40 Days of Blogging: The Mighty Chicken

Day 3 of The 40 Days Blogging Challenge.

We’ve really lost something in separating ourselves from the land.  I know men who can maintain a mean lawn, but can’t be bothered to plant a garden.  What does it say about us that we put resources into landscaping using ornamental grasses, plants, and trees… then go and spend more resources on food that we could have grown ourselves?  But there is really more to it than that.  There is some deep magic to be found in working the land.  Yes, we get some of the benefits when we grow things simply for their beauty, but there is so much more to be gained when we replace our Bradford Pear trees with ones that actually grow fruit, our lawns with rows of vegetables, and our ornamental flowers with herbs and the like!  

We saw evidence of this change this past summer and fall in our parish.  At our yearly church camp, we built a raised garden and populated with basic vegetables.  You should have seen our kids when those plants started yielding beans and radishes!  They had NEVER liked eating vegetables, but they loved eating this miraculous bounty.

It looks to me as though the same process occurs when it comes to keeping chickens. They offer so many things to the family household.  Kids – even those who have to help feed and muck them – love keeping them.  They love growing the chicks.  They love collecting and eating the eggs, and they love watching the crazy things they do (especially when an escaping chicken creates a fun game of chase).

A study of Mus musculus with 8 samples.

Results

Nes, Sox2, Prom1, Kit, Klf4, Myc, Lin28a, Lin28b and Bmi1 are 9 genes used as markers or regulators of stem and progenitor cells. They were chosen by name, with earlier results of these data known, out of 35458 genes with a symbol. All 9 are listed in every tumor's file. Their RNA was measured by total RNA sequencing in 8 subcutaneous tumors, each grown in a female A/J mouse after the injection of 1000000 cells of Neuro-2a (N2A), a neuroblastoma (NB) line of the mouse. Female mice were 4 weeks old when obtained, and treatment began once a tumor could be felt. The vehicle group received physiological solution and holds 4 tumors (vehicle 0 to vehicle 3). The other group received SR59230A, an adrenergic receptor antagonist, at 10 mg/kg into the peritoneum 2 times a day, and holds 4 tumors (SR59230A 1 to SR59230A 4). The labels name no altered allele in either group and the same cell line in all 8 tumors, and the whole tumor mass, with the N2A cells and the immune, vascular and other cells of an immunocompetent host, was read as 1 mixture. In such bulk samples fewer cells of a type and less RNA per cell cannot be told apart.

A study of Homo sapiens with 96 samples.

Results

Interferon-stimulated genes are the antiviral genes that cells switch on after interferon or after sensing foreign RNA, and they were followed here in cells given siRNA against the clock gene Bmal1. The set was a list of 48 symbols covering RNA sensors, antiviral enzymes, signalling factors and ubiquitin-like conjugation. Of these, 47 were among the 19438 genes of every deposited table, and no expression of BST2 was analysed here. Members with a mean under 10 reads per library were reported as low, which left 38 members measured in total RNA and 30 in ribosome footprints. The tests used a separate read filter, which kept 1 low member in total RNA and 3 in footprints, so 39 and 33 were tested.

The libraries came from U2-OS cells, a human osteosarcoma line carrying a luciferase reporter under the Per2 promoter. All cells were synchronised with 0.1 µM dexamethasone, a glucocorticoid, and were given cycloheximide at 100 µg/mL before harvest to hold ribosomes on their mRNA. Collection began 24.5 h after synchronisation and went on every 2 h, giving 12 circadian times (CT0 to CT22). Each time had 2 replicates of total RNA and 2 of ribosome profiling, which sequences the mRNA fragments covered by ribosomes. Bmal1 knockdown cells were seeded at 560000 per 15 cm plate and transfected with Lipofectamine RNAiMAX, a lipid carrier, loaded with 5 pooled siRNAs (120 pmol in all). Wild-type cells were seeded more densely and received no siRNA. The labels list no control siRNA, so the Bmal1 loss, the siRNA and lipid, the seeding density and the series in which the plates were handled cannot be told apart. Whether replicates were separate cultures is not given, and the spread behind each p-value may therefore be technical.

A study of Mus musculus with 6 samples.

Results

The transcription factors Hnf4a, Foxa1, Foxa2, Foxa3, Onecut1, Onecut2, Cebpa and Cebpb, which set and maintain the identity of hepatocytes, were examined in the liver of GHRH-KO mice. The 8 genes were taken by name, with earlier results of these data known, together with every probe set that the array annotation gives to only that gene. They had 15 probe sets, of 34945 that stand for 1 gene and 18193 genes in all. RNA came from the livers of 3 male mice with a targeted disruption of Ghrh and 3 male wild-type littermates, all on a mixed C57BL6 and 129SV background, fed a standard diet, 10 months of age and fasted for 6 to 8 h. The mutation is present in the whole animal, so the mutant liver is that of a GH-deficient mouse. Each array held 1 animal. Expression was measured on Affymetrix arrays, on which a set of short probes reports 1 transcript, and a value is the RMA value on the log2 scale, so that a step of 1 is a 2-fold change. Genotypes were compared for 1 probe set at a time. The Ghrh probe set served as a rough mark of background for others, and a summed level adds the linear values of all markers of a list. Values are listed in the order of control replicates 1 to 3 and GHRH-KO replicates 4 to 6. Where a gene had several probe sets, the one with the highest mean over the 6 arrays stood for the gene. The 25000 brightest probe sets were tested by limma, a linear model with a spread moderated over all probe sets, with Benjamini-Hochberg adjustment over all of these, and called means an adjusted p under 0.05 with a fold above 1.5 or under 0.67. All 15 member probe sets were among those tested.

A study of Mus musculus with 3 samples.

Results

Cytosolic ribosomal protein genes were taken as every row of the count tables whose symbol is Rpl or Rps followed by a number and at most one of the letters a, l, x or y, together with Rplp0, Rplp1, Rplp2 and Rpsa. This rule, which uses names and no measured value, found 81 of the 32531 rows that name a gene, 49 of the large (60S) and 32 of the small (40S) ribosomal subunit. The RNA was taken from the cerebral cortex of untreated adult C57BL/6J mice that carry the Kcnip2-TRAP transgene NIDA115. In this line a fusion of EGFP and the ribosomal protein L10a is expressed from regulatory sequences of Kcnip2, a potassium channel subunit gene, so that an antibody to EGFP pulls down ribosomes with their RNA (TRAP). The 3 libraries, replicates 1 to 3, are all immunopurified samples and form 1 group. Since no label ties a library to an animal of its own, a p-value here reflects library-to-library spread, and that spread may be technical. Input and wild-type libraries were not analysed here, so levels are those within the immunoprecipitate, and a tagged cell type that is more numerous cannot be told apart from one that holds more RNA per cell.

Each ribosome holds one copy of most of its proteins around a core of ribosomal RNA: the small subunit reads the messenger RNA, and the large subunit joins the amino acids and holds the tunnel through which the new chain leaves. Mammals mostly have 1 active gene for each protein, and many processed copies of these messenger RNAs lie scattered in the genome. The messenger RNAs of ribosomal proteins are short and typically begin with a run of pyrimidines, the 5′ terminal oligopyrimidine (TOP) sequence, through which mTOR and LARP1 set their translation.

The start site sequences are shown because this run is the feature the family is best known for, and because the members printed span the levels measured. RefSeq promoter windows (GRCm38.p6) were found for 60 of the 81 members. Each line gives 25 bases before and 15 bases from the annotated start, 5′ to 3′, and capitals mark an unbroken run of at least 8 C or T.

We’ve visited lots of monasteries over the last week here in the Holy Land.  This is a tough land – much of it is high desert.  But the monastics have turned the little areas they have been blessed to steward into heaven on earth.  It’s not just about the spiritual peace, its about the beauty.  Yes, that includes the architecture and the iconography – but it also includes the homesteading.  If they don’t have land, they have pots and buckets planted with a combination of herbs, vegetables, fruit trees, and ornamentals that help keep their couryards cool, add great fragrance to the air, and supplement their tables.  A few of them even had chickens.  

That’s the deep magic, and they’ve got it in its fullness.  I think we’d do well to imitate them!